Fife Travel Guides
This guide covers a varied landscape area that is accessible to the highly populated Central Lowlands of Scotland, including the great cities of Glasgow and Edinburgh. Human endeavour, coupled with a proud colourful heritage, is evident everywhere, in the pretty and historic coastal towns such as St Andrews, in the rolling Lomond Hills and scenic Loch Leven, and, moving further north towards the higher ground, in the mountainous areas around Pitlochry, where the autumn colours have to be seen to be believed. Visits to the area are addictive, causing many to return again and again to the ancient "kingdoms" of Fife and Perth, legendary birthplace of the heartland of Scotland, for further exploration and pleasure.
A walking guide to St Andrews and the East Neuk of Fife.
The Wee Book of Fife offers the photographer picturesque old fishing villages like Elie, St Monance, Pittenweem, Anstruther and Crail, it would be sheer paradise but theres so much more to it than that. Theres the historic town of Dunfermline with its magnificent Abbey the site of Robert the Bruces burial. Formerly Scotlands capital and the place where the king in Sir Patrick Spenss poem famously drank the bluid-red wine, Dunfermline is the birthplace of philanthropist Andrew Carnegie and has one of Britains most beautiful public parks Pittencrief Park.
Situated a few miles south-west of Dunfermline is Culross. Here, amongst the narrow cobbled streets and the houses with their crow-stepped roofs and distinctive pantiles, youll find yourself transported back to the sixteenth century. To the east is Fifes most industrial town, Kirkcaldy, and further round the coast is St Andrews, the home of golf. Scotlands oldest university, currently the place of study for a certain William Windsor, was founded here in 1413. And the beaches at St Andrews and Burntisland are justly recognised as two of Scotlands top beaches.
So, whether you live here or are just passing through, The Wee Book of Fife is the perfect memento of a unique area.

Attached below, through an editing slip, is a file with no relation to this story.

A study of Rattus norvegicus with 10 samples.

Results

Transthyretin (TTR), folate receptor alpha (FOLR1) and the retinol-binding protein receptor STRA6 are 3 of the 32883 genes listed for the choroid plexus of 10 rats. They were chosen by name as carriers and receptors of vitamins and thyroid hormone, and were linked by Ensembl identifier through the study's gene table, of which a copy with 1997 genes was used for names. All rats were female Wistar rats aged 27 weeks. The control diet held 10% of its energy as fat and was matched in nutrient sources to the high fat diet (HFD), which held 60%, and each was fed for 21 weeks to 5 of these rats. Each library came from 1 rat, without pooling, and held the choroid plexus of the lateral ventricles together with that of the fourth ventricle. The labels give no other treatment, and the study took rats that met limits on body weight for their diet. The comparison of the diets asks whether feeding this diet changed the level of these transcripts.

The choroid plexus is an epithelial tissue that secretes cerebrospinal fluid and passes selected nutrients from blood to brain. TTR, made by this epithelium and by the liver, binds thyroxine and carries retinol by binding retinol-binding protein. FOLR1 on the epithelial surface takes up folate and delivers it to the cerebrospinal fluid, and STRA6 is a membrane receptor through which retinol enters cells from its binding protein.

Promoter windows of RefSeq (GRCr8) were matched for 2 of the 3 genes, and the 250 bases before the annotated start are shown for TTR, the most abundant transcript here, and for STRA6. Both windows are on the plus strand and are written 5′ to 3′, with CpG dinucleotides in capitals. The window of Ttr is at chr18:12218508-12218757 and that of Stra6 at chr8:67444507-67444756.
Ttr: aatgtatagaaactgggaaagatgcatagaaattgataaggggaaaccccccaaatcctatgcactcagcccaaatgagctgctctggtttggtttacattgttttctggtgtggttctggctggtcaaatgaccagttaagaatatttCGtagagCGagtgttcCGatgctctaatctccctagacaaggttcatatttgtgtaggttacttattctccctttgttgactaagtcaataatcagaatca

Shirley McKay has a first class degree in English and linguistics from the University of St Andrews. She stays in the historic Fife fishing village of Crail with her husband and two children where she works as a freelance proof-reader. She is currently engaged in writing a murder mystery novel set in St Andrews during the reign of James VI.
This map is part of the Ordnance Survey's Explorer series designed to replace the old Pathfinder map series. At 1:25,000 scale this detailed map shows a host of attractions including gardens which are open to the public, nature reserves and country parks as well as all official footpaths, bridleways, roads and lanes. Other facilities covered include: camping and caravan sites, picnic areas and viewpoints, selected places of interest, rights of way information for England and Wales, National Trail and Recreational Path routes, and selected tourist information. The main advantages of this map are the geographical design of the sheetlines to capture the best local coverage, and the coverage of a larger area for value for money. The series is aimed mainly at the experienced map user but can be used by tourists and locals alike.
This volume details skilfully carved Pictish cross-slabs, great abbeys and castles, and the imposing cathedrals of Arbroath and St Andrews, together with the Royal Palace of Falkland. Examples of rural architecture are also documented.